Another Brine Mess

Graphic by US Geological Survey via Wikimedia Commons

Bakken oil field wells 2013. Graphic by US Geological Survey via Wikimedia Commons

We’ve talked a lot about the devastating impact the oil boom we’re experiencing currently is having on the environment. We’ve talked about oil spills, exploding trains, earthquakes and miscellaneous other effects. Now, there’s another damaging byproduct that’s made the news in the last few days; saltwater spills.

What does saltwater have to do with drilling for oil? Water below the freshwater table becomes more salty with depth, and water injected into the ground during fracking operations can become salty before it rises back towards the ground. This briny water comes up with the oil, and must be separated or removed, and may be 20 to 30 times as salty as seawater. There’s two common ways of disposing of the brine: 1) wastewater injection, which is linked to increased earthquake activity in numerous states; most notably Oklahoma, and 2) storage in an evaporation tank/area, where the residues can be buried in a landfill.

Spills are common in this process. 141 brine water pipeline spills were reported in North Dakota alone in 2012, and a 2006 rupture that spilled 1 million gallons into a creek, aquifer and pond is still being cleaned up.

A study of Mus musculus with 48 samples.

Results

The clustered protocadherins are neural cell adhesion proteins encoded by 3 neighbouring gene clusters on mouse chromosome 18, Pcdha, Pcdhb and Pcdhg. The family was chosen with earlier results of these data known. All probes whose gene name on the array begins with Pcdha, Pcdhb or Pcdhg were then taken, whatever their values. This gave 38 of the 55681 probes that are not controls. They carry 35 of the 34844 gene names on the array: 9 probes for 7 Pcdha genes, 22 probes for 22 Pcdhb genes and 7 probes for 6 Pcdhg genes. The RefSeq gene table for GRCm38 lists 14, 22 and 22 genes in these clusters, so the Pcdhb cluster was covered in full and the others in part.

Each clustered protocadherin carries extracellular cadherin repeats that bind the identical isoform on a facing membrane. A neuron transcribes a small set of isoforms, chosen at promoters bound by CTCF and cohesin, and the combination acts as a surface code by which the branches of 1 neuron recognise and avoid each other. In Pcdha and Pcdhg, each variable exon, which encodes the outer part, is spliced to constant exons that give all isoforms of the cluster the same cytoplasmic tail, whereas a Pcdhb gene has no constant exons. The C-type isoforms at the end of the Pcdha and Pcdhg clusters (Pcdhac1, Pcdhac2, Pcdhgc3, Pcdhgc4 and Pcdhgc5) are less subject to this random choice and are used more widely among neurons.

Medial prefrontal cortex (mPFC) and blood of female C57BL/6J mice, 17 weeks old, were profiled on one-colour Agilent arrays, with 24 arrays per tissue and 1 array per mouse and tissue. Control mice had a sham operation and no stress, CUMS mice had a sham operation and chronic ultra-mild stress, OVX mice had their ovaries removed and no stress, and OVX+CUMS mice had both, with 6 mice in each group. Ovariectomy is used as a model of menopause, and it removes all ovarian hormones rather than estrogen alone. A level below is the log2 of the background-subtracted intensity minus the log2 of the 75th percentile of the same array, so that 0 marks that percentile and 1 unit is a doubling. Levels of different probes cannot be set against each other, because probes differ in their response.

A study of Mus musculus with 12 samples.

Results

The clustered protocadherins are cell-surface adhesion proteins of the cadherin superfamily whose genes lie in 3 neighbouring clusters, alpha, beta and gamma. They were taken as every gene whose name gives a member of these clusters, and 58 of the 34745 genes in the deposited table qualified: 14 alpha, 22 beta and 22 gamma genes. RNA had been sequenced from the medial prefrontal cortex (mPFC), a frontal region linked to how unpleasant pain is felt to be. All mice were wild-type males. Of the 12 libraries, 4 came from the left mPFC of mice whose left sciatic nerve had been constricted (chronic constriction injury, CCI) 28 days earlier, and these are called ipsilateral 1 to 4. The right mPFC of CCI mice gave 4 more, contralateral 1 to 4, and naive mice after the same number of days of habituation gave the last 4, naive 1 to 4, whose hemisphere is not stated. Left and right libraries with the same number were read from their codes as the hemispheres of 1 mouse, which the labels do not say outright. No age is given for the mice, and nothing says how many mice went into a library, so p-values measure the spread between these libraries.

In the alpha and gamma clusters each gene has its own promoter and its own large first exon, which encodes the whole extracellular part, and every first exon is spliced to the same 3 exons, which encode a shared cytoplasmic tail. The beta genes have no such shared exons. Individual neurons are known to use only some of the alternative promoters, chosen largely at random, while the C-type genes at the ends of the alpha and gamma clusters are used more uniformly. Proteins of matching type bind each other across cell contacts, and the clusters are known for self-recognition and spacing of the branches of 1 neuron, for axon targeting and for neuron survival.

Which brings us to three recent spills in North Dakota. On June 27, a saltwater disposal facility near Ross was struck by lightning. Authorities let the storage tanks burn down before putting out the fire. 580 barrels of oil and 1,800 barrels of saltwater were spilled. Then, on July 7, 11 tanks (9 saltwater and 2 oil) on an oil site in McKenzie County were destroyed in a lightning strike and subsequent explosion. Over 2,000 barrels of saltwater were spilled, as well as 167 barrels of oil.

Then, on July 8, a leak was discovered in an underground pipeline near Bear Den Bay, a tributary of Lake Sakakawea when company officials were investigating reports of production shortfalls. By the time the leak was discovered, over 1 million gallons (24,000 barrels) of saltwater had been spilled. Why did it take so long to discover? Because the pipeline doesn’t have a system to send an alarm in the event of a leak or rupture.

Lake Sakakawea, a reservoir on the Missouri River, provides water to communities on the Fort Berthold Indian Reservation, occupied by the Mandan, Hidatsa and Arikara tribes. But, the reservation is the source of more than 30% of the state’s 1 million barrels of oil produced per day, according to the North Dakota Department of Mineral Resources.

The EPA said yesterday that they were trying to determine if the saltwater had reached the lake or not; but they were fairly confident that most of the saltwater had was pooled on the ground, soaked into the soil and held back by dams. Cleanup of the site is estimated to take weeks.

Company and tribal officials claimed that the spill was contained, but there was visible damage from the spill. Kris Roberts, an environmental geologist with the North Dakota Department of Health, said; “We’ve got dead trees, dead grasses, dead bushes, dying bushes.”

The more we see of the peripheral damage done by the waste products of fracking, not to mention the oil spills and explosions, the more we realize what a self-destructive path we’re following in our thirst for oil. What we need is a renewable energy program along the lines of the industrial switch to a wartime economy during World War II. Not only will future generations thank us, but it’s more likely that there will be future generations if we do.